About six years ago I bought a surround sound system. At the time Dolby Digital 5.1, where a DVD would have six distinct tracks of audio, was still pretty rare (they had Dolby Surround aka Dolby 2.0) and there was a premium for receivers that could decode the signal. Instead I found a DVD player that would decode it and had outputs for all six signals. The AIWA audio system I chose also lacked a separate subwoofer (the “.1” part of “5.1”) so I never had the thundering bass of some systems. Most annoyingly, the surround speakers would emit a low static noise whenever the receiver was on, which became annoying if there wasn’t any other sound to drown it out. I had other nits to pick as well, like any time the power went out, the thing would flash the time. I don’t know why the receiver needed to know the time in the first place.

So I had been looking for a replacement. When a friend at work was shopping for them several months ago I almost bought a system that consisted of a combined DVD and amplifier which would simplify the tangle of connections behind the coffee table with my video equipment. Ultimately I decided against that option because I didn’t want to be stuck with an old-fashioned DVD player in the system, knowing I would get a HD-DVD or Blu-ray player in the next couple of years (once the formats stop competing and the prices come down).

But for some reason I got the bug again and started researching my options. Eventually I found a system ranked highly by Consumer Reports made by Onkyo (model HT-S790). It was about the same price as the AIWA system was all of those years ago, but included a powered subwoofer, Dolby 5.1 and DTS (a different 5.1 system) decoding. And it had 7 surround speakers instead of 5. It was also a good fit for me because it allowed 3 optical audio inputs and I had three devices with optical out. Instead of using wires, there is a fiber optic line that carries a red laser signal between the component (DVD player, satellite receiver, or HD receiver in my case) and the receiver. That way there is no electronic interference and the digital signal loses no information. And that one cable carries all of the audio that might otherwise be carried by six different copper cables. So I also bought three of these cable off of Amazon for about $5 each (actually they were $.01 with $5 shipping each; but they work at least). The optical system is called Toslink where “tos” is short for Toshiba, who developed it.

Circuit City seems to be a major seller of the Onkyo system and their website had tons of glowing reviews whereas other systems I was looking at by Sony and Panasonic had a number of people who were not happy. They were running a special with $100 off and offered a $50 rebate on the silver model (it is also available in black). I visited a Circuit City this weekend to look at the system, but they didn’t offer any of the markdowns so they were still selling the system at $500. I ordered it online Sunday and got free shipping. For an extra $5 I got third day shipping and the 97-pound box arrived Wednesday, from Marion, Illinois, in time for the 2007 premier of Lost.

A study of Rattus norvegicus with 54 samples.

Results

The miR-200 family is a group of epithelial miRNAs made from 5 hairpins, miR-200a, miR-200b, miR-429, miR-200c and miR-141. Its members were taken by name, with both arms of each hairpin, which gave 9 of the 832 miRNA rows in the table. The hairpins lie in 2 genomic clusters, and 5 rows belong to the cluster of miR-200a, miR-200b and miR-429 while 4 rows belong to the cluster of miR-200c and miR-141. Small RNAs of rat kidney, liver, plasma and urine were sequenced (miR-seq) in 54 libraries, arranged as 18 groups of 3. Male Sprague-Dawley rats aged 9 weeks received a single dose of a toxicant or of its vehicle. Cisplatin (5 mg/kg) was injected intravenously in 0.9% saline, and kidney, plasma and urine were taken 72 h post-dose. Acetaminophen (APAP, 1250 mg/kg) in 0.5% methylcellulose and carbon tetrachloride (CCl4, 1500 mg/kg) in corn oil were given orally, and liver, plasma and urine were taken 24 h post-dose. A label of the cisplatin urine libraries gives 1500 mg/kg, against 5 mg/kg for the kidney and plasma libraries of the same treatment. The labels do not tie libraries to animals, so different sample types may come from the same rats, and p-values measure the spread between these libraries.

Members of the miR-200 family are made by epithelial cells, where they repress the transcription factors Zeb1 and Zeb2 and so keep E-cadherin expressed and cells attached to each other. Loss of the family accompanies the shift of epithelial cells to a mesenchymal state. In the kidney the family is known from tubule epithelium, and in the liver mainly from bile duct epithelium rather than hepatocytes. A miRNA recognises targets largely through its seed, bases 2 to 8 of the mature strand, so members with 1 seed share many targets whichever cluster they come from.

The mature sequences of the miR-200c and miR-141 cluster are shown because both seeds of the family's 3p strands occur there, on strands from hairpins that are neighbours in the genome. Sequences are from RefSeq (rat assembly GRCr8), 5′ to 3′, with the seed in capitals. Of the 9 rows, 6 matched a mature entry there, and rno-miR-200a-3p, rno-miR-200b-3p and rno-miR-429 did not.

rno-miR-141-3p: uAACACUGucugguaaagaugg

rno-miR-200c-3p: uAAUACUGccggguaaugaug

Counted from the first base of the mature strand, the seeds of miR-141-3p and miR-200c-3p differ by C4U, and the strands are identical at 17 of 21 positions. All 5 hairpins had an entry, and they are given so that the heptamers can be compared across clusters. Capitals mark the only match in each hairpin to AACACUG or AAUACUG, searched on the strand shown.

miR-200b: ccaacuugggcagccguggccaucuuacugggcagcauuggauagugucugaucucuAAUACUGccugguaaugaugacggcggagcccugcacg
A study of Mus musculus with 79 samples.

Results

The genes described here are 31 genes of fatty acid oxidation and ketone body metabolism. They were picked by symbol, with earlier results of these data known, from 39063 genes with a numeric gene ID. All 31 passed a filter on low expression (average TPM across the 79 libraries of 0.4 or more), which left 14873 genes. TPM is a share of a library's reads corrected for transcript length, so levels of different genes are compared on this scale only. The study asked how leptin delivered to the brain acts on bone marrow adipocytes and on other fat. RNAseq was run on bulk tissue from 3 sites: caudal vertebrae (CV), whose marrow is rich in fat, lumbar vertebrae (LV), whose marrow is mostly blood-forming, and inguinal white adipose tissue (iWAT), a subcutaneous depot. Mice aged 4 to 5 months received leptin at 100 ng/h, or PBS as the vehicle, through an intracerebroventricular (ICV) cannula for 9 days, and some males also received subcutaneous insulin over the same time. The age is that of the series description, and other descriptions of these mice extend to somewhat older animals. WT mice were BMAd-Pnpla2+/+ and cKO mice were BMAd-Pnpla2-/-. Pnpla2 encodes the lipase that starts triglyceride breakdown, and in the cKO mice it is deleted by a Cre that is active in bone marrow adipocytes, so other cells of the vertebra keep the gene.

Eventually I found a very good thread about this particular system, which again reinforced what a good value the system is (you can get better systems by buying separate components, but they will cost at least twice as much). They also had a good tip on some speaker stands from Walmart which I bought on Tuesday.

I spent a couple of hours Wednesday night setting the system up. I don’t have the back speakers hooked up yet, but I don’t have any sources that use those speakers directly anyway (you can run a mode where some of the surround sound will be directed to the back speakers). High def DVD’s support 7.1 sound.

I was a little disappointed that Dish Network offers hardly any shows with 5.1 audio. They have a couple of pay-per-view movies that have it, but that’s it. So mostly you just get stereo. The HD broadcast of Lost did use 5.1 sound, but I didn’t notice it much. Plus, because I’m receiving HD channels over a rooftop antenna, only about half of the stations are consistently clear (Lost’s network, ABC, sometimes drops out but was pretty clear last night; Sunday’s Superbowl on CBS was unwatchable on HD for me). Tonight I tried a DVD with DTS audio, Master and Commander. I tuned to one of the battles where ships are firing cannons at each other. It was impressive, with deep booming from the subwoofer, and splintering planks and explosions in the surround speakers.

One problem with how I have the system right now is that I have to switch the audio separately from the video. So if I want to switch from satellite to HD I have to switch the TV for the video and then switch the receiver for the audio. If I just use the TV speakers that isn’t a problem. Onkyo lets you connect all of your video sources (up to five I think) to the receiver and then you switch between them via the receiver. But that means you always have to use the receiver for audio. I don’t know that I want to do that yet.